By Sean McLachlan
Arizona Daily Wildcat
April 19, 1999


Ian Mayer
Arizona Daily Wildcat

After protesters raised a "Raytheon presents: Kill the Earth Day" banner protesting Raytheon Corporation, theater arts sophomore Leith Kahl ripped down the banner and skipped down Scott Street during the 5th Annual Tucson Earth Day Festival Saturday morning. Raytheon is responsible for missile research, development and engineering and was one of four major sponsors of the festival

Downtown Tucson's Earth Day parade was disrupted briefly Saturday when a UA student and member of the "Earth First!" environmentalist group unveiled a banner criticizing Raytheon's sponsorship of the event.

Two men wearing Earth Day T-shirts immediately tore down the banner, which said "Raytheon presents: Kill the Earth Day." Tucson Police Department officers questioned witnesses, but no arrests were made.

Leith Kahl, a University of Arizona theater arts sophomore, helped hold the anti-Raytheon banner.

"It's rather shameful that this event, which used to be a legitimate environmental event for this nation, has been taken over by corporate sponsors," he said.

Kahl said he was worried that the many children at the event would not be able to tell the difference between real environmentalism and what he called "politically correct, environmentally sounding propaganda."

The Earth Day Festival Committee prohibited any participating organization from criticizing any other group taking part in the event.

The incident highlighted controversy that has surrounded this year's Earth Day event.

Several local environmental organizations - including the Arizona League of Conservation Voters, Arizona Safe Energy Coalition, Women's International League for Peace and Freedom, the Arizona Chapter of Raytheon Peacemakers, the Arizona Green Party and the Southwest Center for Biological Diversity - boycotted the festivities because of Raytheon Systems Company's sponsorship.

In a letter to the Earth Day Festival committee, members of the Sierra Club's local chapter explained their boycott as a protest against alleged "greenwashing" by Raytheon and other large companies such as BHP Minerals, Waste Management of Tucson and Tucson Electric Power Company.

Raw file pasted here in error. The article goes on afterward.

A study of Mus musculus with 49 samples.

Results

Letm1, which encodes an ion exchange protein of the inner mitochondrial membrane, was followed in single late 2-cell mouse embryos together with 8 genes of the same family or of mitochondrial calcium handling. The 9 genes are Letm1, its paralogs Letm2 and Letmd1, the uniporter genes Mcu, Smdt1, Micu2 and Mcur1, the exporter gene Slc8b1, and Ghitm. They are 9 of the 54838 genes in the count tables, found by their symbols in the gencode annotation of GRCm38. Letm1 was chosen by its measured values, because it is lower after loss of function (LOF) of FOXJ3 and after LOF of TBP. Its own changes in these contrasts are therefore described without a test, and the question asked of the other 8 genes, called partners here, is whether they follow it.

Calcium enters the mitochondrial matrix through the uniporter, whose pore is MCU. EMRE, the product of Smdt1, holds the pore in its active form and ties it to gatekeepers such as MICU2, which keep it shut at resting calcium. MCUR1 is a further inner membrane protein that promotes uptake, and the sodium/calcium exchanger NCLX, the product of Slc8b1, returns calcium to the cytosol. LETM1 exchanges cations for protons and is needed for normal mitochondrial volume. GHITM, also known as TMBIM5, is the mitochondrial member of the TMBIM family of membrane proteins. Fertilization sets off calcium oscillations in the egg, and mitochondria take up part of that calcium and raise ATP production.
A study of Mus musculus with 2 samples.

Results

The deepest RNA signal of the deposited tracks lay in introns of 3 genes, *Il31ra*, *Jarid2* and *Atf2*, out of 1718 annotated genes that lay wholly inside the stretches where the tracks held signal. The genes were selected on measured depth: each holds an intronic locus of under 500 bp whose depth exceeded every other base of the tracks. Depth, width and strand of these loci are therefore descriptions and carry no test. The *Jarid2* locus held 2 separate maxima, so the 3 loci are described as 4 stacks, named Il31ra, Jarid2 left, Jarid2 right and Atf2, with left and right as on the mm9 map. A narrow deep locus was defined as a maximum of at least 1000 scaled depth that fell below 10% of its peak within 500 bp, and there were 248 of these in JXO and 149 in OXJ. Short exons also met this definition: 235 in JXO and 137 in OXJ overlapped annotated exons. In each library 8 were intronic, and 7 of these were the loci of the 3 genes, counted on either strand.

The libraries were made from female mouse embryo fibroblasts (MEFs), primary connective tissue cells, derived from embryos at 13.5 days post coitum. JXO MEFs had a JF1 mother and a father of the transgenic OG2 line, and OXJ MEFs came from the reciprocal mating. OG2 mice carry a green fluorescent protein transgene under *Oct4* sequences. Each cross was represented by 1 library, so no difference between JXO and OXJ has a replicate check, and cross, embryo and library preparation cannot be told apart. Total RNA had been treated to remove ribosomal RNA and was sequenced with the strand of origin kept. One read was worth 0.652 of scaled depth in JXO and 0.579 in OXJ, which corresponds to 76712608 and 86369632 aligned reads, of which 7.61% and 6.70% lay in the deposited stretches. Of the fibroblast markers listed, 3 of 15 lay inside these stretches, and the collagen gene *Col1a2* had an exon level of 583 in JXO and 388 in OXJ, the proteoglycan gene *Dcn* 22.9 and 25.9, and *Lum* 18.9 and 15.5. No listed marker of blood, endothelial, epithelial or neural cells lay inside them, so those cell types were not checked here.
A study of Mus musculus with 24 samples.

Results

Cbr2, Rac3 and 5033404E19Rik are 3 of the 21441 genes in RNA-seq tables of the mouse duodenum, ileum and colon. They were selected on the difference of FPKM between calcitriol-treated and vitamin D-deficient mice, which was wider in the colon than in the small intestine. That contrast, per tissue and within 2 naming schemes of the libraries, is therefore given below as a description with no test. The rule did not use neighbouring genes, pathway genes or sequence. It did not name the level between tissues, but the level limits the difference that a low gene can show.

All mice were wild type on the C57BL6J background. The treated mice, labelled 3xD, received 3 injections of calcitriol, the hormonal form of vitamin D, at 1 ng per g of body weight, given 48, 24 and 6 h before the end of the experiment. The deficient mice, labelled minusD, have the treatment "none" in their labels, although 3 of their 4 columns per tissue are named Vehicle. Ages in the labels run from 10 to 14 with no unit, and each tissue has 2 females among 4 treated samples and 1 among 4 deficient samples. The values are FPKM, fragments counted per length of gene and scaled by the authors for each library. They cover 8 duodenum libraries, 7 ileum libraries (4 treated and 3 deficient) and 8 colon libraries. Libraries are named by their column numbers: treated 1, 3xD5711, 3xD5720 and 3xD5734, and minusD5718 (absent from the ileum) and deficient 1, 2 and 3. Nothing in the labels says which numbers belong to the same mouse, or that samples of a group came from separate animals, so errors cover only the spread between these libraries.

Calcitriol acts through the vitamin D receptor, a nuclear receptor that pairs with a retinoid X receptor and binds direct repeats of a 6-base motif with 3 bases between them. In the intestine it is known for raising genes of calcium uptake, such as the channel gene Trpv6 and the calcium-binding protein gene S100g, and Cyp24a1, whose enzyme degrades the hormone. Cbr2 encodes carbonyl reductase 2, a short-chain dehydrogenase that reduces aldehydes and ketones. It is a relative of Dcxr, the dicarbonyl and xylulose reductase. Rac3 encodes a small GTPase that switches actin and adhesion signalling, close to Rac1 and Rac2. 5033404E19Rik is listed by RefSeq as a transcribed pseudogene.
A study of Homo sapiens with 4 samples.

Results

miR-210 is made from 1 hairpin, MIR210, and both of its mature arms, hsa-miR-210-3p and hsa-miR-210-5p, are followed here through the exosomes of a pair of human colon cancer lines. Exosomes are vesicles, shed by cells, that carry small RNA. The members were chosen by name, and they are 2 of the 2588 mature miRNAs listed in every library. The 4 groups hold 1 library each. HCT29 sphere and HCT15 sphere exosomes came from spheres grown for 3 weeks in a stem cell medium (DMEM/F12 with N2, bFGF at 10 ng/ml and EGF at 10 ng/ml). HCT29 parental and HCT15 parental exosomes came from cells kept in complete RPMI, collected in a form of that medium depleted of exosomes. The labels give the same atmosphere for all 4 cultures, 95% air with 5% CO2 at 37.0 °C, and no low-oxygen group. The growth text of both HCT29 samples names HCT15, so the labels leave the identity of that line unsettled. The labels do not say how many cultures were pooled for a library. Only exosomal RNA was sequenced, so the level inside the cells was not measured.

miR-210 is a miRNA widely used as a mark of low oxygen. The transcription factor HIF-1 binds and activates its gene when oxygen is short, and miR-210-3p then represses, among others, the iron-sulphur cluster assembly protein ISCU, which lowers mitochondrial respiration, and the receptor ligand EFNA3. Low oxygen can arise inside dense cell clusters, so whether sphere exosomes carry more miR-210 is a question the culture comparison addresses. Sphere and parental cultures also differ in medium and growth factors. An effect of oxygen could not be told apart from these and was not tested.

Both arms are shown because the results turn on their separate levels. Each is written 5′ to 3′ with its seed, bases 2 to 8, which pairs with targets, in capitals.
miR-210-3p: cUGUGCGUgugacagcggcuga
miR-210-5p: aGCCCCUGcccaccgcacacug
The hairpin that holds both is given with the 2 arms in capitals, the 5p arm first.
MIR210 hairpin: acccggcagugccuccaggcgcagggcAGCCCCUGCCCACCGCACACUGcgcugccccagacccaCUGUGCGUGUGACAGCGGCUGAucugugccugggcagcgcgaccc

The letter alleges "Raytheon's predecessor, Hughes Aircraft, and the Air Force spent over three decades dumping a highly poisonous substance known as 'TCE' into South Tucson's soil and ground water...the soil and groundwater contamination is still there."

Sierra Club members also allege in the document that the contamination has made hundreds of people sick.

Stephen Villaescusa, Raytheon's senior manager for communications and public affairs, dismissed the protesters as uninformed.

"They made a lot of assertions that aren't grounded in fact," he said. "It's just an emotional issue."

Villaescusa said Raytheon, which donated $2,000 to the Earth Day event, has won many awards for environmental efficiency and innovation.

But Megan Southern, membership coordinator for the Southwest Center for Biological Diversity, maintained that Earth Day was tainted by Raytheon's involvement.

"It's kind of a moral quandary for us to speak out against Earth Day," Southern said. "While we're working hard everyday, it's the one day the media pays attention."

The fifth annual Earth Day celebration drew about 700 people to the Tucson Children's Museum to view the educational booths and a parade. The museum has several exhibits designed to teach respect for the environment, said Beth Walkup, the facility's executive director.

The parade was led by UA mascot Wilbur Wildcat and U.S. Rep. Jim Kolbe, R-Ariz. Republican mayoral candidate Bob Walkup followed close behind and took the opportunity to greet the crowd.

Beth Walkup, who is married to the candidate, said her husband worked at Hughes Aircraft for 13 years. He was followed by several floats and marchers from sponsoring companies and local schools. Some children were dressed up as rainforest animals while others performed Mexican folk dances.

Don Gibson, co-chair of the Earth Day Festival Committee, said he was pleased with the large number of children participating, saying schools are the "biggest draw" to the event.

"We have a good crowd and good exhibits," he said.

Participating companies and organizations also set up educational booths for the crowd.

Tucson Electric Power Company showed off an electric car and helped children make natural birdfeeders by dipping pine cones into peanut butter and birdseed.

Chuck Decourse, a TEP engineer, showed off a large array of solar panels capable of generating up to two kilowatts.

While TEP has no plans for generating any of Tucson's power with solar power, they will continue using the panels for educational events, Decourse said. The majority of the city's power comes from coal, with the balance coming from nuclear power plants, he said.

Other booths showed off solar-powered ovens, exhibits on the Central Arizona Project and informational literature.